A Buyer's First Impressions

Showing & Preparing Your Home For Sale, by Tony Hall

When the time comes to place your home on the market, don't panic! You come first. It is your home, you have your life to live, and so do the best you can and don't worry. Here are some tips I suggest:

You never get a second chance to make a good first impression. An inviting exterior insures inspection of the interior. Tidy up the grounds, porches, and walkways. Be sure the front door is clean and that it doesn't need painting. Also, flowers in pots add a nice touch.

Decorate for a quick sale. If any painting is needed (especially exterior, kitchens, or baths) do it now! $100 worth of paint may balance $500 in a price cut. Don't expect the prospective buyer to imagine how it will look, show them how it will look. A quicker sale at a higher price will result.

A clean home is a happy home. Shampoo all carpets, clean the oven, and scrub the bathrooms. Bright, cheery windows and unmarred walls will assist your sale.

Spend a day with the handyman. Fix the leaky faucets, sticking doors, and loose doorknobs.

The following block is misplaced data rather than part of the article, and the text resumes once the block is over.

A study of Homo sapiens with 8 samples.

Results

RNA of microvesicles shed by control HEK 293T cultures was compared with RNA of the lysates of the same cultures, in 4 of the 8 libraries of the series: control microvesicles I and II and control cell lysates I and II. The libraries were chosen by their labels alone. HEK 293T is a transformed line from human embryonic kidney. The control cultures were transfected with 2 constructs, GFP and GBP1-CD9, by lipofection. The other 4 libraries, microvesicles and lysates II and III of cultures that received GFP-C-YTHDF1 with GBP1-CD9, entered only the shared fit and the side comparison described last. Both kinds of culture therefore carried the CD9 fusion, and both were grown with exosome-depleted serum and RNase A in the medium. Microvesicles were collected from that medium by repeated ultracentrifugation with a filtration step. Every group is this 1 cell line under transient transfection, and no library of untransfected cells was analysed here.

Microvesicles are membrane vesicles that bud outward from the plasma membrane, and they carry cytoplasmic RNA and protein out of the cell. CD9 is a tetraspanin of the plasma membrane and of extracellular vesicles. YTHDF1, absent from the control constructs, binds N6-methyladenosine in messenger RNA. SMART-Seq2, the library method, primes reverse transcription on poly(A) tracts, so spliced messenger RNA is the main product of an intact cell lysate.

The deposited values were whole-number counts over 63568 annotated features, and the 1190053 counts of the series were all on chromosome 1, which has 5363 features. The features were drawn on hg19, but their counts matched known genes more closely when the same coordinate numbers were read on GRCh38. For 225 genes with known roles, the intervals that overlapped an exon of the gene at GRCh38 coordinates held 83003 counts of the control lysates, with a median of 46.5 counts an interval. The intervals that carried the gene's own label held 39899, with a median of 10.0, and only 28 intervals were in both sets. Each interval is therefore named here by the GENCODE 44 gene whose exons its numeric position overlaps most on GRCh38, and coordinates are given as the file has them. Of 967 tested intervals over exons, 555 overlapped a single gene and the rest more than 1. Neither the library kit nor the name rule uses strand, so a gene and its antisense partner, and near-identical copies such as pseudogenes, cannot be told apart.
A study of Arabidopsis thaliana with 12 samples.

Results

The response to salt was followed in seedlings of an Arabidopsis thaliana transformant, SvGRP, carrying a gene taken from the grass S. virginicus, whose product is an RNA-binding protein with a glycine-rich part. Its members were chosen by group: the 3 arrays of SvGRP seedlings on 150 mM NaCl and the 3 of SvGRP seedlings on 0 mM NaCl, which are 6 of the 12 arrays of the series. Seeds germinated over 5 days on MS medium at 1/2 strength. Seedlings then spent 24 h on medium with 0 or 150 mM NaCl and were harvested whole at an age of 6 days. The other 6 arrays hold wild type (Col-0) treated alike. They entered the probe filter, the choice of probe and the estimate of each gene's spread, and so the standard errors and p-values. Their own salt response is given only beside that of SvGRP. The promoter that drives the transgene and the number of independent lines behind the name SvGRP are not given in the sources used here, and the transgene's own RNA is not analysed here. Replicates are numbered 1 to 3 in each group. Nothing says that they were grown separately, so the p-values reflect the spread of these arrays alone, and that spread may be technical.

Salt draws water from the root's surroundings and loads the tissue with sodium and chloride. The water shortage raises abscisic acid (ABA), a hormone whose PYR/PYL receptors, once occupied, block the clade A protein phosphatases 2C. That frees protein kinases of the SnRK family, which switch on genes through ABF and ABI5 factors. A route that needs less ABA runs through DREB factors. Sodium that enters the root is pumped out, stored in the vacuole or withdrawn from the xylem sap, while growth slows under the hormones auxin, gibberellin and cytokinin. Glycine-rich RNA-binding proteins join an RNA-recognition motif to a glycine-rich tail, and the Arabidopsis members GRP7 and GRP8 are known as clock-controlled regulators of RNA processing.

Closet Illusions. Clothes properly hung, shoes, hats, and other articles neatly placed, will make your closet appear more adequate. Pack and store excess items.

Check and re-check bathrooms. Bright and clean bathrooms sell many homes. Keep toilet lids down.

Bedrooms are important. Arrange them to feel spacious and clean.

The brighter the better. Illumination is a welcome sign. For the after-dark inspections, turn on your lights from the front porch in and throughout. The prospective buyer will feel glowing warmth, otherwise impossible to attain. Also, turn on lights in the daytime for rooms that are not so bright. Leave the blinds and draperies open-let the sunshine in!

Three's a crowd. When an agent and the prospective buyer arrive you should disappear. Turn off the TV. Children and pets should be kept clear. Don't volunteer any comment unless asked. Remember the prospective buyer is there to view the home. Leave the showing to the agent!

Love me, love my dog. This does not apply in house selling. Keep pets out of the way, preferably out of the house.

Be aware of odors. People will linger in a fresh, pleasant smelling home. Stale air, or bad odors, make them want to get out and can ruin the sale.

Is it ever so humble? Please don't apologize for the appearance of your home. After all, it is lived in. Let the agent answer any objections that are raised.

A word to the wise. Do not discuss price, terms, possession or other factors with the customers. As a seller, most anything you say could compromise your position. As a third party, the agent can better bring any negotiation to a favorable conclusion.

Caution: We ask that you don't show your house to prospective buyers should they knock on the door or approach you in the yard.